White Cover Magazine
First off, best wishes to Ottawa Senators system goalie Andrew Hammond – the former Surrey Eagle and usual Binghamton Senators starter will make his NHL debut tonight, Wednesday, against the Montreal Canadiens.
Hammond has appeared in two NHL games in his career, the last one a couple nights ago when Robin Lehner left with an injury. So will the rookie be seeing some more time in Ottawa’s crease, and does he have a legitimate chance to win the No. 1 job?
Not long-term, maybe. But Craig Anderson is out indefinitely with a hand injury – and the Sens aren’t a playoff team this year – so you never know.
Hammond told the Ottawa Citizen that his parents are “too nervous” to attend the game, and will watching his first professional start on TV.
“Winning the Royal Bank Cup (with the Vernon Vipers) is still my best memory… Signing with Ottawa is very exciting but I still haven’t accomplished anything. My goal is to play in the NHL and all this does is give me an opportunity to get closer to that goal.”
Another Goalie Controversy in Vancouver
Let’s get something straight: there’s really nothing controversial about Eddie Lack starting over Ryan Miller.
For the majority over 82 games? Maybe.
But once in a while, and when Lack is hot and Miller’s struggling? Well, what else is a backup for?
When Miller signed his three-year, $18 million deal with the Canucks last summer, he was very openly excited to play between 55 and 60 games a season. Well, now in the middle of February, Miller has played 42 games and still has two months of a season left.
And the Canucks, for all their occasional narcolepsy and their absolutely consistent inconsistency, are a playoff team. Miller hasn’t been at his worst when Lack relieves him every now and then. He’s 34 years old and he’s played a ton of hockey since 2006 – he could use a night off and he could probably do without everyone in his new Canadian city acting like there’s some sort of usurping afoot.
Another Trade in Winnipeg?
The Winnipeg Jets pulled off the deal of the season last week with the Buffalo Sabres, sending Evander Kane and Zach Bogosian to middle-of-nowhere New York for Tyler Myers, Drew Stafford, two prospects, and a first-round pick.
Well, seven days after GM Kevin Cheveldayoff popped his cherry with that one – his first-ever player-for-player, midseason trade since he took over the reigns in Manitoba, in 2011 – he may have to look afield for help again.
Forward Mathieu Perreault, who’s been one of the NHL’s more pleasant individual surprises this season, and Stafford, the new guy, are both out with injuries. And the Jets, who are quite deep, talented, big, and fast when healthy, now face a stretch run without Kane, Bogosian, or one of the pieces they pulled back in return.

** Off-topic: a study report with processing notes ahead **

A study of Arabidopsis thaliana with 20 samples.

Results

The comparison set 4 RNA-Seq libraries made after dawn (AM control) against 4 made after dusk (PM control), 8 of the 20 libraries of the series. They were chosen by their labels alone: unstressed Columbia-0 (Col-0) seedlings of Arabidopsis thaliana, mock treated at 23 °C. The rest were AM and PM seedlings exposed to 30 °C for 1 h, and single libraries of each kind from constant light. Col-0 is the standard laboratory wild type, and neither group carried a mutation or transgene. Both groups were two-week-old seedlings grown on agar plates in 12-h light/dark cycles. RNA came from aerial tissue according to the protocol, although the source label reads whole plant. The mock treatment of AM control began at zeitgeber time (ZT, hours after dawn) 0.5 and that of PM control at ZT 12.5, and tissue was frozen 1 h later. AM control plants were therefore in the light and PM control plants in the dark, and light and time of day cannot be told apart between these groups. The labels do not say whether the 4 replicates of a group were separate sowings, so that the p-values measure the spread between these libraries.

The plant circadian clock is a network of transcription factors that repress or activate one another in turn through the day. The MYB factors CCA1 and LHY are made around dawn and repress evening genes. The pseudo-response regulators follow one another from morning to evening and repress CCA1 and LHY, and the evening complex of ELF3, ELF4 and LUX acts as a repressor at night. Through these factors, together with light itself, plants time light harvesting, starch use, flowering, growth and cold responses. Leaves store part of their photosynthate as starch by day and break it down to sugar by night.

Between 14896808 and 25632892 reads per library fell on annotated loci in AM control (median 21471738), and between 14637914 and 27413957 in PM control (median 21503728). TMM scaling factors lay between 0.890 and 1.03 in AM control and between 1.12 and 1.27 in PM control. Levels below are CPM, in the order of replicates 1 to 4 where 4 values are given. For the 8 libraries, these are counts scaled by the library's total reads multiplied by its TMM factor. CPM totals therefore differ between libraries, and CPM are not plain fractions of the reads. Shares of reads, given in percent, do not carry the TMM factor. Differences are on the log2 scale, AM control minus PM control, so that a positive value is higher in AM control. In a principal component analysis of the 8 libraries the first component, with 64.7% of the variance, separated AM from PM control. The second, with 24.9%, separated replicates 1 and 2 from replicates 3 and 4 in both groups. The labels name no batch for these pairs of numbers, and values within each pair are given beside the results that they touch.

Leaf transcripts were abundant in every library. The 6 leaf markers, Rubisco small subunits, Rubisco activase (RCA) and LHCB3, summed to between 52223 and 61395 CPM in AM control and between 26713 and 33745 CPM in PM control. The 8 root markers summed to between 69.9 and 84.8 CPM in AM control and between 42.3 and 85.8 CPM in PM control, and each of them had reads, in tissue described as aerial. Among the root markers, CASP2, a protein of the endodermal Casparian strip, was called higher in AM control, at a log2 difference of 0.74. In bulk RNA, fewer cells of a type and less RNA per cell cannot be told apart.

Read: ‘Kane deal could be just the start for Jets‘ by Stephen Whyno, The Canadian Press (Feb. 12, 2015)
Would Antoine Vermette be a fit?
Could Chevy go back to Buffalo and pry Chris Stewart from their hands? If Vancouver’s really serious about moving Zack Kassian, or maybe if they’re up to trading Shawn Matthias or Chris Higgins, is there something there? Mike Santorelli’s already been moved to Nashville, but Daniel Winnik – and Olli Jokinen, perhaps – is available from Toronto, maybe Tyler Bozak.
Alex Semin’s the scariest guy in the NHL to tie your hitch to. Jaromir Jagr wants to stay out East, and he wants to go to a legit Cup contender – Winnipeg is neither, not right now. If you reach for Martin Erat or Danny Briere, you’re probably just applying collagen to old, dead lips.
On defence, Winnipeg’s fine. Maybe not set set, but they’re full. In goal, maybe you could do better than Michael Hutchinson, but you won’t do better than him at the Trade Deadline.
Where are the Montreal Canadiens, mentally, right now?
They’re buyers if they’re anything. Because they’re right there atop the East, and it’s hard to imagine they’ll drop at all or by a lot. The temptation must be, for Montreal, that they don’t have to make a move to remain a contender – and that Thomas Vanek deal probably left a sour ‘deadline’ taste in La Belle Province’s mouth last year, although Vanek had 25 points in 35 late- and post-season games for the Habs in 2014.
The best fit is perhaps Vermette. He’s available from Phoenix, he’s offensively capable, individually gifted, but he’s also a terrific faceoff man, a stable centreman, and he’s a cog any team’s clock could use.
Read: ‘18 Players and Where They’ll Land at the NHL Trade Deadline‘ by Mike Colligan, The Hockey Writers (February 16, 2015)
If Ryan O’Reilly or Jagr or Winnik are attainable, it’s not like they’re going to hurt the Habs. And it’s not like they’ll disappoint anyone – each of those guys has passed every test they’ve faced so far, especially Jagr, who’s a Hall of Famer.
But you do have to wonder whether it’s worth it for a team like Montreal to make a move that might mortgage whatever they’ve been building for. It’s hard to find a perfect fit-type trade like the one Winnipeg and Buffalo pulled off – or like the one Vancouver found with Anaheim, sending Kesler to Orange County last June – in March, because the sellers are keeping their prices high and the buyers are aware of all the cautionary tales the Trade Deadline’s known for, historically.